Rep. Angel Cruz (D-Philadelphia) and other members of the state House’s Philadelphia delegation are hoping that newly introduced legislation to strengthen trash-dumping enforcement in Pennsylvania’s largest city will improve conditions that have led some to refer to the city as “Filthadelphia.”

At a Capitol press conference Tuesday, Cruz said the problem surrounds the issue of the illegal dumping of trash, especially tires, within the city.

“The illegal dumping of tires and other garbage and debris presents environmental and safety hazards, which negatively impact the quality of life for the citizens and visitors of the city of Philadelphia,” he said.

“It is also a present financial concern – the cleanup of illegal dumping costs Philadelphia taxpayers $8 million annually.”

Cruz noted that the dumping of tires causes issues with standing water inside of the tires that leads to the breeding of disease-laden mosquitoes. He also said that the decomposition of the tires and the potential for tire fires like the massive one seen in 1997 cause negative environmental impacts when the chemicals in the tires become airborne.

The legislation he introduced, House Bill 1850, would update Act 227 of 2004, which criminalized illegal dumping as a minor offense by including the illegal dumping of tires within the law’s confines, and place a fine on the illegal dumping of tires at $5,000 per tire, while also seeking to encourage tire recycling and enhanced enforcement of the current law. Violators are also subject to potential forfeiture of the vehicle with which they committed the illegal dumping.

The City of Philadelphia is responsible for enforcing the mandates of Act 227.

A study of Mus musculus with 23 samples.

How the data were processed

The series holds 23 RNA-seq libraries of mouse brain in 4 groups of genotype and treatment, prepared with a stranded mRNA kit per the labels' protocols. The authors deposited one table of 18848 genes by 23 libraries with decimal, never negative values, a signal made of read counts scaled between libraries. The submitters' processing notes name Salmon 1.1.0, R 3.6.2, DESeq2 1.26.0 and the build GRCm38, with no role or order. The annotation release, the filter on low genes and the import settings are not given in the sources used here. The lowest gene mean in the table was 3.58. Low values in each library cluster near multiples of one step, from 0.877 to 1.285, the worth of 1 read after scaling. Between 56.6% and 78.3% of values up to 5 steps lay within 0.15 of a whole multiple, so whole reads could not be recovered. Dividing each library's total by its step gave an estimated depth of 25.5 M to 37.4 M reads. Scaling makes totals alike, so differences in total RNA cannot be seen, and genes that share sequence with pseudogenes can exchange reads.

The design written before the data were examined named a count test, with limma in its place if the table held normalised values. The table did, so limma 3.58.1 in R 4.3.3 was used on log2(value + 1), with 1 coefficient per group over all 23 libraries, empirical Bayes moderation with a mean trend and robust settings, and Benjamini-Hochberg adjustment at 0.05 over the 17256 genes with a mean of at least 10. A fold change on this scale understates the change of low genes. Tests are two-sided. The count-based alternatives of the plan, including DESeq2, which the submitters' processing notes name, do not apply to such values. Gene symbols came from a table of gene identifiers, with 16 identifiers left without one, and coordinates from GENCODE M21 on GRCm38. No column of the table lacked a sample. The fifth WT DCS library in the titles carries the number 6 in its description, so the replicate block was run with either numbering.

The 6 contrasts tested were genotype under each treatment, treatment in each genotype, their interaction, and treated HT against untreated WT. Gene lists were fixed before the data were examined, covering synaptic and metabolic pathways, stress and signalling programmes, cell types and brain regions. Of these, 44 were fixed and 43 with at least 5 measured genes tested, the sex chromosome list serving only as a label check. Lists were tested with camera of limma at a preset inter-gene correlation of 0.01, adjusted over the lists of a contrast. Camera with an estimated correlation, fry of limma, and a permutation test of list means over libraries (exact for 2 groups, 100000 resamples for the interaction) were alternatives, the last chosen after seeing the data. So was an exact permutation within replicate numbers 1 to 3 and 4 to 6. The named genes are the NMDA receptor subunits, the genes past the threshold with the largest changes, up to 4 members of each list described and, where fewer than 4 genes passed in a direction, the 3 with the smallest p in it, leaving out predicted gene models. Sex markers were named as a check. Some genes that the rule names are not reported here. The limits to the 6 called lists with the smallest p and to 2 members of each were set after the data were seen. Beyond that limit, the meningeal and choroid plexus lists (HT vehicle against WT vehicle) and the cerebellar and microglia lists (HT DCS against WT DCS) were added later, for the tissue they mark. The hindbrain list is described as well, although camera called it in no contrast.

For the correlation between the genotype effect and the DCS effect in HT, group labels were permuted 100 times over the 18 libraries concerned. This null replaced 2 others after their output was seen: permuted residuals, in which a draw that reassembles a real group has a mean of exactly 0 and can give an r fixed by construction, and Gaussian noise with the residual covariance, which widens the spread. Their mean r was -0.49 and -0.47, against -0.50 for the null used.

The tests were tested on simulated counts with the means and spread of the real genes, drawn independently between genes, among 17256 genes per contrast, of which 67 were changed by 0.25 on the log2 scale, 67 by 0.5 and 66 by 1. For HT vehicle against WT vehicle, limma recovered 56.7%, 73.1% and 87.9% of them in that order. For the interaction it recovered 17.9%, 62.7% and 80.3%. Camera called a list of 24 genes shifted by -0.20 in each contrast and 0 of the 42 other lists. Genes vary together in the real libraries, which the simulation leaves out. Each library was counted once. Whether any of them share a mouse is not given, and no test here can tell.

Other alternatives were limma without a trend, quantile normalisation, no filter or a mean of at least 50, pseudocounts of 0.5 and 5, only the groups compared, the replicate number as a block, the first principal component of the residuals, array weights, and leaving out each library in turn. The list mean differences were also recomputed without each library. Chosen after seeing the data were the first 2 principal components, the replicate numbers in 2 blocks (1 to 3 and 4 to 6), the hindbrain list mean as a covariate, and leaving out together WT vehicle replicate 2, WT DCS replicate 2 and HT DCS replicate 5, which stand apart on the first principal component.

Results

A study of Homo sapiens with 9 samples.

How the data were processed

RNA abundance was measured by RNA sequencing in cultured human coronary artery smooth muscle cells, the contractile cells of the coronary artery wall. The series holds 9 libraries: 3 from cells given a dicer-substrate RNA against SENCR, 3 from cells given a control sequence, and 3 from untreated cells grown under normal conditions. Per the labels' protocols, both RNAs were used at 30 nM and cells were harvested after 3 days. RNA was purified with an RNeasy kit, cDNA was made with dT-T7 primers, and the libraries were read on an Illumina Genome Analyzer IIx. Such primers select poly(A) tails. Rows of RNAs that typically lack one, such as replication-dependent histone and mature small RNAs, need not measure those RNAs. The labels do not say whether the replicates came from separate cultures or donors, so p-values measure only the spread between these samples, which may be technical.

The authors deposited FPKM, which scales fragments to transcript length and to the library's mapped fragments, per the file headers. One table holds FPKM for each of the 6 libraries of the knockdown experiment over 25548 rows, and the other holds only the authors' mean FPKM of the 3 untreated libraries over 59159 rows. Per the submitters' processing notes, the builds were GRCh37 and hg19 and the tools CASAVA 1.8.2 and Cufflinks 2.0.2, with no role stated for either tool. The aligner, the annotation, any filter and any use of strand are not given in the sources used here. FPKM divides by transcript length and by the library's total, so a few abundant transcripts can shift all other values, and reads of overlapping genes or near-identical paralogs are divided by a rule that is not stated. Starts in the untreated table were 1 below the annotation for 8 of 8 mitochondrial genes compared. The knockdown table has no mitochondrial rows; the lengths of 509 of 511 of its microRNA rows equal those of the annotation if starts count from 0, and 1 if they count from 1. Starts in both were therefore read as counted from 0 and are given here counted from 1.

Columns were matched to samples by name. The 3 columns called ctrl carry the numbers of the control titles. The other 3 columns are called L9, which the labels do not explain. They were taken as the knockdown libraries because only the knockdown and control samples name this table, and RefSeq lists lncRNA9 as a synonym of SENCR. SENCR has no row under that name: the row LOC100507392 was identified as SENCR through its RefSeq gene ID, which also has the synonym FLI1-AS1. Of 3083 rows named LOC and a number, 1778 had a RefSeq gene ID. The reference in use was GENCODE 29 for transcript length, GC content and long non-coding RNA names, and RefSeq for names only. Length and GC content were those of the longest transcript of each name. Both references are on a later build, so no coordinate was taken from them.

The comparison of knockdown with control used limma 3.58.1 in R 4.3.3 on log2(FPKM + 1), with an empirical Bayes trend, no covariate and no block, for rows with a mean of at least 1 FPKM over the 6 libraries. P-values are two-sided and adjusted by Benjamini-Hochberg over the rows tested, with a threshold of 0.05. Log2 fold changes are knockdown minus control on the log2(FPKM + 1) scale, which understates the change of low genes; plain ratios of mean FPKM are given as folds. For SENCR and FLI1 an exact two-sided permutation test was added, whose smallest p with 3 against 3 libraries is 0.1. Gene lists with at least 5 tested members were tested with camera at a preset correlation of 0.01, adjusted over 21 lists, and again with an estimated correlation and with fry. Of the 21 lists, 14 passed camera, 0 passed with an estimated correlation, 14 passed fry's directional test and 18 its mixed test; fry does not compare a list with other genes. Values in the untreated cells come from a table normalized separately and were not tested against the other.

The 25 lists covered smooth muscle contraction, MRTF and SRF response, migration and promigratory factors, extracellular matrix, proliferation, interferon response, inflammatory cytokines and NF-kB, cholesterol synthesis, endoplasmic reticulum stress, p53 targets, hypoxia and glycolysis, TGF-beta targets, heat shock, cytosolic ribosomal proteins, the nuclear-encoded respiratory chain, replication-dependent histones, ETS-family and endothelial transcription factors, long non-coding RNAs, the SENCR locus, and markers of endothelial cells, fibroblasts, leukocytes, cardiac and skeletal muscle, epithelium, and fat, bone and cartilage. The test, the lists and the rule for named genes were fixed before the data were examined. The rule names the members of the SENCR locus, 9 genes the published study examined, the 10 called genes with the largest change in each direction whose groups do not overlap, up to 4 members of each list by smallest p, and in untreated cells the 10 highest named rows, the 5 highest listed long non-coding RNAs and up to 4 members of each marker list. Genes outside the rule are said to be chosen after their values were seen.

While Cruz noted that most of the illegal dumping is caused by construction companies and mom-and-pop tire shops, he hopes that the increased penalties and enforcement incentives will be enough to scare away potential violators without changing current enforcement practices utilized by the city.

“[This] will send a clear message to our neighborhoods and those that are polluting our neighborhoods that you will pay a price for dumping – and it will be a hefty price,” he said. “This is one of the easiest ways we can reclaim our city of Philadelphia from what has become known as ‘Filthadelphia.’”

Cruz’s legislation had the support Tuesday of the House’s Philadelphia delegation Chairman Rep. Maria Donatucci (D-Philadelphia), who said the legislation aims to put the responsibility for illegal trash dumping where it belongs.

“It keeps the rest of us free and clear from other people’s trash,” she said. “It’s disgusting when people dump their trash; it needs to be stopped.”


Jason Gottesman is the Harrisburg Bureau Chief of The PLS Reporter, a news website dedicated to covering Pennsylvania’s government.